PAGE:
Wednesday, October 12, 2005

Public may still get to comment on Sempra weather station

Commissioners conclude that P&Z violated Idaho's open meeting laws


By JASON KAUFFMAN
Express Staff Writer

A recent decision by Jerome County Commissioners means the public may have another opportunity to comment on a request for a weather station permit for the proposed 600-megawatt coal-fired power plant near Jerome.

The three-member commission made a motion Tuesday, Oct. 4, to remand Sempra Generation's application for the weather station back to the Jerome County Planning and Zoning Commission.

In their decision, the commissioners sided with Jerome County resident Lee Halper, who filed an appeal stating that the P&Z violated Idaho's open meeting laws by holding an executive session on June 6 when it granted the permit.

"That was our opinion," said Veronica Lierman, commission chairwoman.

Specifically, the commission said the P&Z wrongfully made a decision regarding the weather station permit during an executive session, which makes their final action to approve the permit null and void.

Data from the weather station is required as part of an Idaho Department of Environmental Quality permit needed for construction of the plant proposed by Sempra. The meteorological station will monitor air quality and weather conditions.

Data collected over a year will then be evaluated by Idaho DEQ before the agency decides whether to issue a permit.

The decision to remand the application back to the P&Z won't be finalized until Jerome County's attorney has drawn up the commission's findings and they have signed them, Lierman said.

Once that happens, the commission will discuss what the conditions of the remand will be at a public meeting, she said.

"It will be open to the public," Lierman said. However, she said the public may or may not be allowed to give testimony at the meeting.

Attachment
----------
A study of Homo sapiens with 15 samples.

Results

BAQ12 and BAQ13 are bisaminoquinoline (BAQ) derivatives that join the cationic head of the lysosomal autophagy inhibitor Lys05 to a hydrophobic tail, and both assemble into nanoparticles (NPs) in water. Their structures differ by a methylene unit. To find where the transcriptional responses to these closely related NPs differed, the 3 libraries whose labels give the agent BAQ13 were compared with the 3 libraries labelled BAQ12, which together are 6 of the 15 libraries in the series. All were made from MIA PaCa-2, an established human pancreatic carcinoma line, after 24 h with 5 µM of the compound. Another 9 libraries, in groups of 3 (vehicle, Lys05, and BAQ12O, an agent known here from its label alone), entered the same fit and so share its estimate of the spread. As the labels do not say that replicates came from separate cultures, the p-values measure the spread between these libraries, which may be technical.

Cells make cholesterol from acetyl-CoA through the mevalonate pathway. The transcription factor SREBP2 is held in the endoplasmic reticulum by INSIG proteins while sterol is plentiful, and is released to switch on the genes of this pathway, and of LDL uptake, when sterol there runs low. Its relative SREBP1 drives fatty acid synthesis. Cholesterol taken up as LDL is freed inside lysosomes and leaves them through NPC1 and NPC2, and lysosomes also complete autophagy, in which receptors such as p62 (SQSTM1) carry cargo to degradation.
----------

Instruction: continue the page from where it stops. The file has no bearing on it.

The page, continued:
The decision on whether to approve the proposed coal-fired power plant is not a foregone conclusion as some have claimed, Lierman said.

Jerome County Commissioners will base their decision on information and testimony that comes out of public meetings, she said.

"We have to keep an open mind about this," Lierman said.

Lierman declined to comment on the recent move by an interim state legislative committee to reject a bill sponsored by Sen. Clint Stennett, D-Ketchum, that would have given Idaho greater say over the siting of power plants like the one proposed by Sempra for Jerome County.

Donna West, director of planning and zoning for Canyon County, told the Idaho Legislature's interim energy committee at its Wednesday, Oct. 5, hearing that Stennett's plant oversight legislation would have taken away local control and allowed the state to dictate siting locations to counties.

"I believe the county should have the final say," she said. West also said state and federal regulations already protect counties that are downwind from proposed power plants and another layer of bureaucracy would be redundant.

"Why make it harder?" she said.

For his part, Halper is advocating for the creation of a regional planning and zoning commission that would be comprised of representatives from counties surrounding Jerome County.

State law allows such a body to be created, he said.

"This is a regional issue," Halper said.

Halper is concerned that due public process is still not being followed.

Halper said Jerome County P&Z commissioners believe they have to grant Sempra a permit to build the proposed power plant once the company satisfies all of the regulatory hurdles.

"And they don't," he said.

Halper said the will of the public is also a factor the P&Z should consider before making their decision.